A panel discussion on CNN got heated Sunday when former Virginia Attorney General Ken Cuccinelli (R) argued that "Black Lives Matter" is a poor message because it makes white people feel less valued.
After former South Carolina Rep. Bakari Sellers (D) explained that as a black man, he was "the only person at this table whose next interaction [with law enforcement] may cause them to be a hashtag," Cuccinelli suggested that the "Black Lives Matter" slogan and hashtag should be amended, according to CNN footage shared by Raw Story.
"Adding t-o-o at the end puts it in a context that makes sense," he argued. Sellers answered that message is already implicit in the slogan.
"Well, you may say that," Cuccinelli told Sellers. "And there’s plenty of reason to understand that. But I don’t think every American hears it that way. They hear, 'Here we are. Yes, we have this political motivation that we're separating out this one category of Americans and saying they matter more than everybody else.'"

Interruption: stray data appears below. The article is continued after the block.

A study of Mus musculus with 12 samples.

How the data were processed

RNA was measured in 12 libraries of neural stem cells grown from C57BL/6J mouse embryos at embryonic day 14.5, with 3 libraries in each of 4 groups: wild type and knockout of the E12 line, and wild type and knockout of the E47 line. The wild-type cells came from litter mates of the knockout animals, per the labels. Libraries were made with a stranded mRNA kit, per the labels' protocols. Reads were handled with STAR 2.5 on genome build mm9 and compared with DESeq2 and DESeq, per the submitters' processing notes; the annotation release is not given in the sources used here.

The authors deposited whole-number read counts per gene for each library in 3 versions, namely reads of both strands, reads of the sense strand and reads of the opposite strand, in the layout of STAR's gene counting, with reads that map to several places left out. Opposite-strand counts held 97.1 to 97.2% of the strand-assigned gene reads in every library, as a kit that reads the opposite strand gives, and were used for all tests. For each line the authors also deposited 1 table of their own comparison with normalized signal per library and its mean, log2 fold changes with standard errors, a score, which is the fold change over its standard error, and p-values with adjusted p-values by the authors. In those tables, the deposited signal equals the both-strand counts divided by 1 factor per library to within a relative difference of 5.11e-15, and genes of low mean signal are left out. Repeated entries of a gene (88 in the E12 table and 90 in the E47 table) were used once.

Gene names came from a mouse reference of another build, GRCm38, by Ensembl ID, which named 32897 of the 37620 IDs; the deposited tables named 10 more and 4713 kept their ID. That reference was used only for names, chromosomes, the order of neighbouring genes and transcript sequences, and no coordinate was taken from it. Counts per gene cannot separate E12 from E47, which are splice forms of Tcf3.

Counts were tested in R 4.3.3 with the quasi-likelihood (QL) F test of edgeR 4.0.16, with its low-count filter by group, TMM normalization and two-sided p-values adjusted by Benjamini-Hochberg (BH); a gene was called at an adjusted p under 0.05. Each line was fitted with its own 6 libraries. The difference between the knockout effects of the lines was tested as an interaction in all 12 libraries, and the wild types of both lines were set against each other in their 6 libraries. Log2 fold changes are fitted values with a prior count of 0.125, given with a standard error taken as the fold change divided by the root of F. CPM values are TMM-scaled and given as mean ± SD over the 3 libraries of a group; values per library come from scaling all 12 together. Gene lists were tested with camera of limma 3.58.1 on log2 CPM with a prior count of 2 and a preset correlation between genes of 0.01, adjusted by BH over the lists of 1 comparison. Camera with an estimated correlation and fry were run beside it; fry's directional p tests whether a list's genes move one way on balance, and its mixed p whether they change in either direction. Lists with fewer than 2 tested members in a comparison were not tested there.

Sellers tried to reframe the message for the former attorney general.
"We’re saying stop killing us," he said.
"I understand that," Cuccinelli replied, "but that’s why you have the retort, 'No, all lives matter.' We’re not leaving these out."
The push to adopt the "All Lives Matter" message has been widely criticized as ignoring data that shows black Americans face the greatest risks when confronted by law enforcement. Young black people are 4.5 times more likely to be killed by police than any other age or racial group, according to the Center on Juvenile and Criminal Justice, and while black Americans comprise just 13 percent of the U.S. population, they make up 26 percent of those shot by police.